The Corner

Politics & Policy

CNN’s ‘Stand Up’ Town Hall Was a Disaster for Our Discourse

A protester holds a defaced placard at a rally calling for more gun control three days after the shooting at Marjory Stoneman Douglas High School, in Fort Lauderdale, Florida, U.S.,February 17, 2018. REUTERS/Jonathan Drake

Last night’s CNN Town Hall is being touted this morning as an “extraordinary moment,” a “conversation,” and a “debate.” In truth, it was none of those things. Rather, it was a disaster for American discourse, the ripples of which will be felt for years to come. One of the students who survived the shooting described it cynically as a “Comedy Central Roast of the NRA and the coming out party for my ADHD.” This, though, isn’t quite right. It was televised catharsis. And it was supposed to be.

Catharsis is good and necessary. So is grief. Anger can be, too. But the these things are not the same as debate or conversation, and, in some cases, they serve as brutally effective prophylactics against deep and constructive engagement. By encouraging legitimately distraught and enraged citizens to shout at politicians, CNN ensured that we could continue to conduct this dispute on a faulty and toxic premise: Namely, that the root problem here is that some among us simply refuse acknowledge that school shootings are an abomination. But that, as ever, is not the root problem. Indeed, contrary to the implications we heard last night, we are not having an argument about whether the victims of tragedy are really grieving, or about whether the footage taken from within the school is harrowing, or about whether these events should be stopped. We are having an argument over precisely what we can — and should — do. Those with considered opinions on that subject are not going to change them in the face of untrammeled distress, because they had already factored that distress into their thinking. Just as protesters against the Iraq War or the Patriot Act would not have changed their minds if they had been forced to watch footage of 9/11 or to meet repeatedly with the openly grieving families, those skeptical of gun control are not going to change their minds when confronted by tormented victims. That’s not what we’re arguing about.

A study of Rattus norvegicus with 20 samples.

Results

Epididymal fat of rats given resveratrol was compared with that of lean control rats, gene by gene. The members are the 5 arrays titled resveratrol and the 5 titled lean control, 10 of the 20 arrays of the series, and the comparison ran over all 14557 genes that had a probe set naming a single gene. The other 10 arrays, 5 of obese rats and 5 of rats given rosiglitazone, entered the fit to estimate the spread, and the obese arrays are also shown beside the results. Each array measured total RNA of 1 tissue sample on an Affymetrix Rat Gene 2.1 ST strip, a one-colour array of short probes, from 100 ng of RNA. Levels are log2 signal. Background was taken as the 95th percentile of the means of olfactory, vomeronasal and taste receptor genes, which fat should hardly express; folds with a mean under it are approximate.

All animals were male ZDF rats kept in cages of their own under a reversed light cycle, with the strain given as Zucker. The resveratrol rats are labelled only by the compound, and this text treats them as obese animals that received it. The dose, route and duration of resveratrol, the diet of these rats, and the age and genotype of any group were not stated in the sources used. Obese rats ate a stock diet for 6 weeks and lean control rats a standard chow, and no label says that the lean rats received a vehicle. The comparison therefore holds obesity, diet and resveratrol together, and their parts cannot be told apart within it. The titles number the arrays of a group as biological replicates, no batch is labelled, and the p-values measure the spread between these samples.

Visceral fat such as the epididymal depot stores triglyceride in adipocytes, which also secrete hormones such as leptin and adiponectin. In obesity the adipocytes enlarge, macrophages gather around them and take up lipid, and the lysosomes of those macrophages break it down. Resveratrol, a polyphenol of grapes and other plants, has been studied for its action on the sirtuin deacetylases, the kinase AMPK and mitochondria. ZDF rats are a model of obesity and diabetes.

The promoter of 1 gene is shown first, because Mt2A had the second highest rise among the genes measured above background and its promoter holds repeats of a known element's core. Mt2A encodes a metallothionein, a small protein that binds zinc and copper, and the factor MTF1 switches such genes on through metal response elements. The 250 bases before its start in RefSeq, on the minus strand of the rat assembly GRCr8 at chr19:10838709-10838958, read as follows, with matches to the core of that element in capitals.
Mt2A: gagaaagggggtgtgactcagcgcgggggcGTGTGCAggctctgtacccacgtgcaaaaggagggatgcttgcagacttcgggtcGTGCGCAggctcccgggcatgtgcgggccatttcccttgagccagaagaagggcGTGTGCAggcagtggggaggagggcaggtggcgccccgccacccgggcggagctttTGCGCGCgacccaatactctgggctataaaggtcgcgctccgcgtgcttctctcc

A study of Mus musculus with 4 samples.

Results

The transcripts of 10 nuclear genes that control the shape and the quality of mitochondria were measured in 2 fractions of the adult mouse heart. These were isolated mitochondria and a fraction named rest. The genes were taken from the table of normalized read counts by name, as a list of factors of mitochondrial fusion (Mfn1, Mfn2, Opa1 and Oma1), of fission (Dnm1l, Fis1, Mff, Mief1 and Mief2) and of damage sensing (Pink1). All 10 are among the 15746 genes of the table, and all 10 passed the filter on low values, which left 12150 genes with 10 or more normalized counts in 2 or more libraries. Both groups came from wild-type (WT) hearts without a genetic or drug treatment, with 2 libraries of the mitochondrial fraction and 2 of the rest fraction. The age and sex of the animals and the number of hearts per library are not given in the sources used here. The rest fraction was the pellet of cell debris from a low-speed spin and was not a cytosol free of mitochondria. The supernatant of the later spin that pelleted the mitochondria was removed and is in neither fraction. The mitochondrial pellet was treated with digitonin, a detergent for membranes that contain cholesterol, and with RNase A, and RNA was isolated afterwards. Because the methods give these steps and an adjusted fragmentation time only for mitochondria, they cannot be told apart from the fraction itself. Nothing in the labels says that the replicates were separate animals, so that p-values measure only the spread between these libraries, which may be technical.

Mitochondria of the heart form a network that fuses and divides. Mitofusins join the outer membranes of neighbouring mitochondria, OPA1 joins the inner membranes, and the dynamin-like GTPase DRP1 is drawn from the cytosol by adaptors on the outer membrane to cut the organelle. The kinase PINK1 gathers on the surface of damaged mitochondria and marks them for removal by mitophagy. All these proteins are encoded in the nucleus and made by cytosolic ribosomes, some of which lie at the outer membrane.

Likewise, the public chanting of “do something!” will change no minds, because, in practice, “do something!” means “do what I want,” and we’re already arguing about that. As has been made obvious by the reaction to President Trump’s newfound enthusiasm for arming teachers, those shouting “do something” are just as capable of casting certain reactions as unhelpful and insane as are those on the other side whom they have deemed to be terminally recalcitrant. And so we’re back to square one.

Or, actually, we’re probably now even further back than that. A lot of Americans watched last night as a room full of people cheered for banning all semi-automatic weapons, and as a number of speakers cast their political opponents as murderers. What do we think the likely result of this will be? A newfound political harmony? Or a surge in NRA membership, a deepening of the culture war, an increase in gun sales, and a growing belief that “the other side” really does hate you? I daresay that lots of people who dislike firearms enjoyed watching Marco Rubio being berated. Indeed, if Twitter is any indication, they really, really did. But Marco Rubio’s views on this issue are not unpopular in Florida, and they are not unpopular in the country at large. I imagine that those cheering along with the castigations imagined that they were the person doing the berating. Millions, though, imagined they were Rubio. And they’ll proceed from there in future.